The most common etiologies of pancreatitis are trauma, systemic disease, structural anomalies of the pancreatic–biliary system, drugs, infections, and idiopathic causes.
The most common symptoms in children are abdominal pain, nausea, and irritability.
Amylase and lipase levels are low at birth and thus not helpful in infants. Elevated amylase and lipase has a sensitivity of 81% in pediatric pancreatitis.
The critical goal of treatment is to provide supportive care through aggressive fluid resuscitation, early nutritional support, and pain control.
Ranson criteria, Glasgow score, and pediatric acute pancreatitis severity (PAPS) scoring system show limited ability to predict severity in children with acute pancreatitis.
Approximately 25% of children with acute pancreatitis develop a complication, but less than 6% of children develop multiorgan dysfunction.
The mortality rate reported in children with pancreatitis varies between 4% and 10%.
Acute recurrent pancreatitis can be caused by genetic mutations, hypercalcemia, structural abnormalities, or hypertriglyceridemia.
Chronic pancreatitis leads to irreversible changes of the pancreatic parenchyma and often presents as acute pancreatitis followed by recurring abdominal pain. Amylase and lipase may not be elevated.
Pancreatitis is inflammation within the parenchyma of the pancreas. This is characterized by the presence of acute inflammatory cells, interstitial edema, and varying degrees of necrosis, apoptosis, and hemorrhage within the pancreas.1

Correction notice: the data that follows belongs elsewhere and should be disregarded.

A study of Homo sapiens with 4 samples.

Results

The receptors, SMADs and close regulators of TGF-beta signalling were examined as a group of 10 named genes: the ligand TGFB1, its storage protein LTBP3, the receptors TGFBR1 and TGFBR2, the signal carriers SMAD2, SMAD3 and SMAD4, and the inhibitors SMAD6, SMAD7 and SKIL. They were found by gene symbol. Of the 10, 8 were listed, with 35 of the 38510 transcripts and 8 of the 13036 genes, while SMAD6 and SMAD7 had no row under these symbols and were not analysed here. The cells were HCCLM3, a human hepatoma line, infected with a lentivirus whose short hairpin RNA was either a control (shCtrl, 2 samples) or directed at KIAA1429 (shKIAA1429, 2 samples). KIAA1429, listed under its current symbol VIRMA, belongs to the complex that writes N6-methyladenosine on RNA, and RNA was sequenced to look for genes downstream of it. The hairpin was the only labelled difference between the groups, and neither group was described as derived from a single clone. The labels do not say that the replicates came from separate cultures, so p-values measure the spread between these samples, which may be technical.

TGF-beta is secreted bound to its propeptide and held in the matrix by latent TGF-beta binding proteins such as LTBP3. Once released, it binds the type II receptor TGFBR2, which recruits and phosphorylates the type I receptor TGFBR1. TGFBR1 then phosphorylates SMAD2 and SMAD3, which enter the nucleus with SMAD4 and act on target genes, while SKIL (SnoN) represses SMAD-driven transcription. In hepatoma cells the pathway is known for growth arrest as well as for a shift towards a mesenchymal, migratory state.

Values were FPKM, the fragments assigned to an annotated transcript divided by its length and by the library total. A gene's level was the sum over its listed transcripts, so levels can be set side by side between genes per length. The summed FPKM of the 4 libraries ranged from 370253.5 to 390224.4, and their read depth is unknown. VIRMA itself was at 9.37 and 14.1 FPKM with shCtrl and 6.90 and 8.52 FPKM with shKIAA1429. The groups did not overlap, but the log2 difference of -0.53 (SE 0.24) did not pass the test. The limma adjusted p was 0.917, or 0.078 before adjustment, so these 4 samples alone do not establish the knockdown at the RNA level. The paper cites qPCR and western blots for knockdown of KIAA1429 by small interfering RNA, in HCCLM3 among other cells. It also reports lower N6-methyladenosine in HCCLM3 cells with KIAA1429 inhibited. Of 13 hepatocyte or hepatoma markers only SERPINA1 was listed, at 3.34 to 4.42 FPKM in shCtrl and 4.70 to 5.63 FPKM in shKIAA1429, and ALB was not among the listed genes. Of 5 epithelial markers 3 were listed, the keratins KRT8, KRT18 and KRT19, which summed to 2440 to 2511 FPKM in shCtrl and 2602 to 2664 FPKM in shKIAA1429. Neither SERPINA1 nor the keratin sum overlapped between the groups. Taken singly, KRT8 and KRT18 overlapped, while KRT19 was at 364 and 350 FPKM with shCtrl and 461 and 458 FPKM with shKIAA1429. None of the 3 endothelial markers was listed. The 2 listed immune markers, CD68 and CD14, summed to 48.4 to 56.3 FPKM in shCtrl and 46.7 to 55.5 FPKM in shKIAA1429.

Pancreatitis is a disease process with multiple possible causes (Table 75-1). The most common etiologies are trauma, systemic disease, structural anomalies of the pancreatic–biliary system, drugs, infections, and idiopathic causes.2–4
TABLE 75-1Etiologies of Acute Pancreatitis2–13 ||Download (.pdf) TABLE 75-1 Etiologies of Acute Pancreatitis2–13
|Trauma || |
Motor vehicle accident
Bicycle handlebar injury
|Systemic diseases || |
Systemic lupus erythematosus
Sickle cell disease
|Structural abnormalities of pancreatic-biliary system || |
|Medications || |
Analgesics: acetaminophen, salicylates, sulindac, indomethacin
Anticonvulsants: phenytoin, valproic acid
Antimicrobials: tetracycline, erythromycin, sulfonamides, trimethoprim-sulfamethoxazole, isoniazid, metronidazole, nitrofurantoin
Chemotherapeutics: L-asparaginase, cytarabine
Diuretics: furosemide, thiazides
Illicit drugs: amphetamines, cocaine, heroin
Immunomodulators: sulfasalazine, 5-aminosalicyclic acid medications, 6-mercaptopurine, azathioprine, corticosteroids
|Infections || |
Hepatitis A virus
Hepatitis B virus
Hepatitis E virus
|Toxins || |
Ethanol and methanol
|Metabolic || |
|Miscellaneous || |
Genetic mutations in PRSS-1, SPINK-1, CFTR, or CTRC genes
The most common cause of pancreatitis in children is blunt trauma, which accounts for 10% to 40% of cases.2–4 Motor vehicle crashes, sports injuries, accidental falls, and child abuse account for the majority of cases. However, it should be noted that in trauma patients, the amylase levels might be elevated due to intestinal perforation.